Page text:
While students searched for parking and raced to class Thursday morning, flowers and shells covered the earth and ancestral songs filled the air near Lot 20 as Cal State Long Beach celebrated the reburial of Native American remains and artifacts.

The event, which was a celebration of the actual reburial in July of this year, was held in anticipation of Friday’s California Native American Day and was attended by Cal State University Chancellor Timothy White, CSULB President Jane Close Conoley, Director of the American Indian studies program Craig Stone and representatives from different Native American tribes.

“These ancestors have waited a long time to be returned to the earth,” said Louis Robles Jr., chairman of the Committee on Native American Burial Remains.  “… this wouldn’t be possible without cooperation from so many different organizations and groups.”

CSULB’s repatriation was a collaborative effort with the Native American Graves Protection and Repatriation Act, a federal law which provides assistance to native tribes in order to return sacred and cultural items to their original location.

Finding the remains on the CSULB campus was no surprise, as the university’s land is well known to be the ancient settlement of Puvungna. The land belonged to the Tongva people, who spanned the Los Angeles and Long Beach area.

Returning the remains of native peoples and the cultural artifacts buried with them provides a sense of closure, Stone said, as it symbolizes modern society and the native world joining together.

Robles Jr., whose mother was one of the original committee members, said that repatriation is an encouragement to the campus and indigenous peoples everywhere.

“It truly serves as inspiration; it’s inspiration for the students, it’s inspiration for the … university,” he said, “it’s inspiration for other tribal groups because already word has spread what has occurred here and is giving them hope that they will be able to work to return their ancestors and their associated goods.”

The reburial, which actually took place in July, was a collaborative effort between the campus community and the Tongva/Gabrielino, Juaneño/Acjachemen and Chumash tribes. The site itself is located on the land next to the International House and is marked with sunflowers, stones and an abalone shell.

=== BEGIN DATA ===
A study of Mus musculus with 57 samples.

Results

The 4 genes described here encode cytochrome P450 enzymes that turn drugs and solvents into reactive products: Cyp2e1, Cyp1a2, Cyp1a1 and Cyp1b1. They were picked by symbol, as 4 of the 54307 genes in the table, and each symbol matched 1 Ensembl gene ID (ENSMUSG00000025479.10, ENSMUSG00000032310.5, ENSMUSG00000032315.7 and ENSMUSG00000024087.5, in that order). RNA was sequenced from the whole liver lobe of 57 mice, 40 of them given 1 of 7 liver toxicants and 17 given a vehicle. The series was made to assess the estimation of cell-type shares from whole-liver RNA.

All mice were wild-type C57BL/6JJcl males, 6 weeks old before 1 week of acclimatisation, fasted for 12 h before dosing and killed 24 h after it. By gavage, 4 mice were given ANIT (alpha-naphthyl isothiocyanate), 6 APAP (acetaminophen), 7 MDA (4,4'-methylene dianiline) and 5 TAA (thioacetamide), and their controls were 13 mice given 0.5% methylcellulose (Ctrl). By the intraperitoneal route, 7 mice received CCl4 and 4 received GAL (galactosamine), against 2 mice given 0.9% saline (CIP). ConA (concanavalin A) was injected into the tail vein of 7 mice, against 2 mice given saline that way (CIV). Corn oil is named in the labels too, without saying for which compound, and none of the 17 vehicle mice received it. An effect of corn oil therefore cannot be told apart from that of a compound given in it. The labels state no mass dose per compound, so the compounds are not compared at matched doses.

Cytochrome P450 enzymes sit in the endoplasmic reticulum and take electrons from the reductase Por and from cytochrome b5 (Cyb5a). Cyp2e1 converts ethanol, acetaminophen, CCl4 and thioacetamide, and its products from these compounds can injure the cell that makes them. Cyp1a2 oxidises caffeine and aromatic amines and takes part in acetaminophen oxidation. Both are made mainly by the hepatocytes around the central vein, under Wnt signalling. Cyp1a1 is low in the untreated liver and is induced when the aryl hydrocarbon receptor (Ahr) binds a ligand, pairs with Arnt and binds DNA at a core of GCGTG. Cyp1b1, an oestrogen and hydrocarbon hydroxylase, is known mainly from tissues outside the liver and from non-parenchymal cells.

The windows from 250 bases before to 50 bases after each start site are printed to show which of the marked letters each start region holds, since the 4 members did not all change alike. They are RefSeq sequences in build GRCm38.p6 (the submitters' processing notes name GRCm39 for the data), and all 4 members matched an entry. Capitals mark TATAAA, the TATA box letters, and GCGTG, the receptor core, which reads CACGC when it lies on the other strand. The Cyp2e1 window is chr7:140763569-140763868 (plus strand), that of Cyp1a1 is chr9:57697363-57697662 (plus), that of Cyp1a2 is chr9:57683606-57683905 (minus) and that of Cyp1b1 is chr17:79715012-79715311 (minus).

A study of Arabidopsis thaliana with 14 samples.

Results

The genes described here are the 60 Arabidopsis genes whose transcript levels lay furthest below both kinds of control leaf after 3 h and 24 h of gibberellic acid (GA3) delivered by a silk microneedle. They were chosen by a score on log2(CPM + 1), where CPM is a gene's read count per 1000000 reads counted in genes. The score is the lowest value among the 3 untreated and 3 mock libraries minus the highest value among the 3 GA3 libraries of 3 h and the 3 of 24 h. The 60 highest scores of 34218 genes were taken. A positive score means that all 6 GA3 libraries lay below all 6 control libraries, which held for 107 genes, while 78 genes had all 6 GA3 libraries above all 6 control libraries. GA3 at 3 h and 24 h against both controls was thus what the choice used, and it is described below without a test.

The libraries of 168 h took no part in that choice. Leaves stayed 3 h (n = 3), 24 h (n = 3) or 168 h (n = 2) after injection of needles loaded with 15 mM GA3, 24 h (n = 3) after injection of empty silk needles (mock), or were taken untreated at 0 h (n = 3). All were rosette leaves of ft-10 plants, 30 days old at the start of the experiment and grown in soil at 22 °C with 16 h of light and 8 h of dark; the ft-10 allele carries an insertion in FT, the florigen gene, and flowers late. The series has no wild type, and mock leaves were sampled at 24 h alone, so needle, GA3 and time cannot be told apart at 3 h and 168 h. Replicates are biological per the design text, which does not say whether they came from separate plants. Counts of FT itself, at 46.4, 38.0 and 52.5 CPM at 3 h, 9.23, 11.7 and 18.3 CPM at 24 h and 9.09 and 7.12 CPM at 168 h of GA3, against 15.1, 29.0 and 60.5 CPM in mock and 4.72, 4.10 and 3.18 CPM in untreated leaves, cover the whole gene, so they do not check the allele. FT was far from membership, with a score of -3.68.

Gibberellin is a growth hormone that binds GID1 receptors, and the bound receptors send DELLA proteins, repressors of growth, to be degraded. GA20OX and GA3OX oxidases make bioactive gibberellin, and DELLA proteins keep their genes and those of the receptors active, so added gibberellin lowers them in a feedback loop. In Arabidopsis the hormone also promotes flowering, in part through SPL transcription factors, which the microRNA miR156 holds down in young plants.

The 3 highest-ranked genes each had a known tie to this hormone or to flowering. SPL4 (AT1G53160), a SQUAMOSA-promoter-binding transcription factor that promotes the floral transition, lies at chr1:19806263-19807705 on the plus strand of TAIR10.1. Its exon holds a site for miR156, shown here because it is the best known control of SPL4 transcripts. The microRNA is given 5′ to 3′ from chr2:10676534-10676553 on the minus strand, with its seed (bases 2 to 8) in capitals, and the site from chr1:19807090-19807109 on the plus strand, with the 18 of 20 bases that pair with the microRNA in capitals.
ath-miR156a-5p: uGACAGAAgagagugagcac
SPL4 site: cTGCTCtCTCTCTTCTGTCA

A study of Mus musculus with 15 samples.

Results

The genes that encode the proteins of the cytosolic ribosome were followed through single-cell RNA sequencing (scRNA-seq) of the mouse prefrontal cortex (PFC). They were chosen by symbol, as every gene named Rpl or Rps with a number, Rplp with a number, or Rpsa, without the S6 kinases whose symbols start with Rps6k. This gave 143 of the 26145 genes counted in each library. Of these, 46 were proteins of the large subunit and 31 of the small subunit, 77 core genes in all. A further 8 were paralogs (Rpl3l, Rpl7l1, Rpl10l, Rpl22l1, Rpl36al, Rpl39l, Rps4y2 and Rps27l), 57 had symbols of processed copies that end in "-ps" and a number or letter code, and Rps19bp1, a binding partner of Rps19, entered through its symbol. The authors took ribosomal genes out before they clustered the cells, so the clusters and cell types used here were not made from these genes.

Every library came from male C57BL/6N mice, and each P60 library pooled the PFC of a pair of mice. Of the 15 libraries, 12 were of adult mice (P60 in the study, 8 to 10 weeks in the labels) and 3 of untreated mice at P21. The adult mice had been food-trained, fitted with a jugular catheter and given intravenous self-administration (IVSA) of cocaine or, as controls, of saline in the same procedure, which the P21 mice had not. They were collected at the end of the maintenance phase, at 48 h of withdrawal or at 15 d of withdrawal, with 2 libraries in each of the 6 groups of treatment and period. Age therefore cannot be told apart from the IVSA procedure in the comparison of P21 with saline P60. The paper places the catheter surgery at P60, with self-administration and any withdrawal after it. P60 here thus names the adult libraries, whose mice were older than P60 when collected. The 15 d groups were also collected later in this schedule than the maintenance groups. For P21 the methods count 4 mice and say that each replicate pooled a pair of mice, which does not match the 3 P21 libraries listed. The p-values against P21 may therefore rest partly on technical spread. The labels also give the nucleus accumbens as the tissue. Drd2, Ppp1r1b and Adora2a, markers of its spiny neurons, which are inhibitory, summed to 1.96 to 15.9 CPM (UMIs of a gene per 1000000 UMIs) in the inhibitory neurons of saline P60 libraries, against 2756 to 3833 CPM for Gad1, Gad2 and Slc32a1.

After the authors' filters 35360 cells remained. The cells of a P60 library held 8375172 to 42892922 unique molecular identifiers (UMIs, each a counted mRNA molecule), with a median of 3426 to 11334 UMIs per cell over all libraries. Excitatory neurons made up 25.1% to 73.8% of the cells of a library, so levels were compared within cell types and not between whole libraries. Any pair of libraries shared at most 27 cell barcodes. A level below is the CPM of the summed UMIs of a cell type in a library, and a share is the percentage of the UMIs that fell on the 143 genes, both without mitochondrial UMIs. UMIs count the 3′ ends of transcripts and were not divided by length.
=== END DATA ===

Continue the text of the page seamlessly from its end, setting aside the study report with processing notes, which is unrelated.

Students and faculty from various programs such as American Indian studies, anthropology and environmental science worked with these local tribes to identify the remains, select the reburial site and the reburial ceremony itself.

Remains from the Puvungna settlement were originally found in the early 1950s during construction on the campus. After being found, the artifacts were held in various labs and storage facilities around campus.

According to Cindy Alvitre, a member of the reburial committee and professor of anthropology at CSULB, it was originally thought that there were 21 people buried at the original site; however, after work started to identify the remains, the number grew to almost 100.

It wasn’t until 1978 that work began on returning the remains to their original burial place, according to Stone.

Stone said that then-CSULB President Steve Horn was very supportive of the idea to repatriate the remains; however, it wasn’t until the passing of the 1990 Native American Graves and Repatriation Act that a committee was formed with the sole purpose to return the items.

Sunflowers and abalone shells decorate the site of the reburied remains of the Tongva people next to the International House.
Lindsey Maeda
Sunflowers and abalone shells decorate the site of the reburied remains of the Tongva people next to the International House.

Even then, there was a problem of the university, the chancellor’s office and the state not supporting the reburial at the same time. Stone said that all three of these institutions had to be in agreement at the same time in order for the repatriation to happen.

Alvitre added that she hopes there will be continued efforts to correct historical wrongs.

During the ceremony, Conoley said she was proud to be part of a campus that is “one of the first universities under NAGPRA to return our indigenous ancestors to campus burial sites.”

White also commended CSULB, adding that the campus is a sacred space for students, faculty and staff – but it was sacred long before the first building was constructed.

While CSULB is the first in the nation to rebury native remains, there are many more universities, such as CSU San Marcos and San Diego State, that have been built on sacred sites. Stone said that he hopes that what happened at CSULB will set a precedent for other campuses.

Conoley said that she believes the reburial will set an international example for other countries that have indigenous populations.

“… Professor Alvitre told me that there’s a Thai student who’s studying with her now because they have a similar problem in Thailand in terms of burial sites because of all the development going on,” she said, “and she’s studying to figure out if she can go home and create a NAGPRA model that would be useful in Thailand, so imagine the international possibilities of that.”

Robles Jr. concluded his speech by thanking the ancestors for guiding those who were involved in the reburial process, especially those who do not have Native American heritage.

“For the people that live here in this great state but don’t have the ties that [Native American descendants] do — that stand on the cliffs and look at our beach, that walk in our mountains, that enjoy the desert sky — [the ancestors] remind them that no matter where you go in this great state, a native Californian has walked there before you.”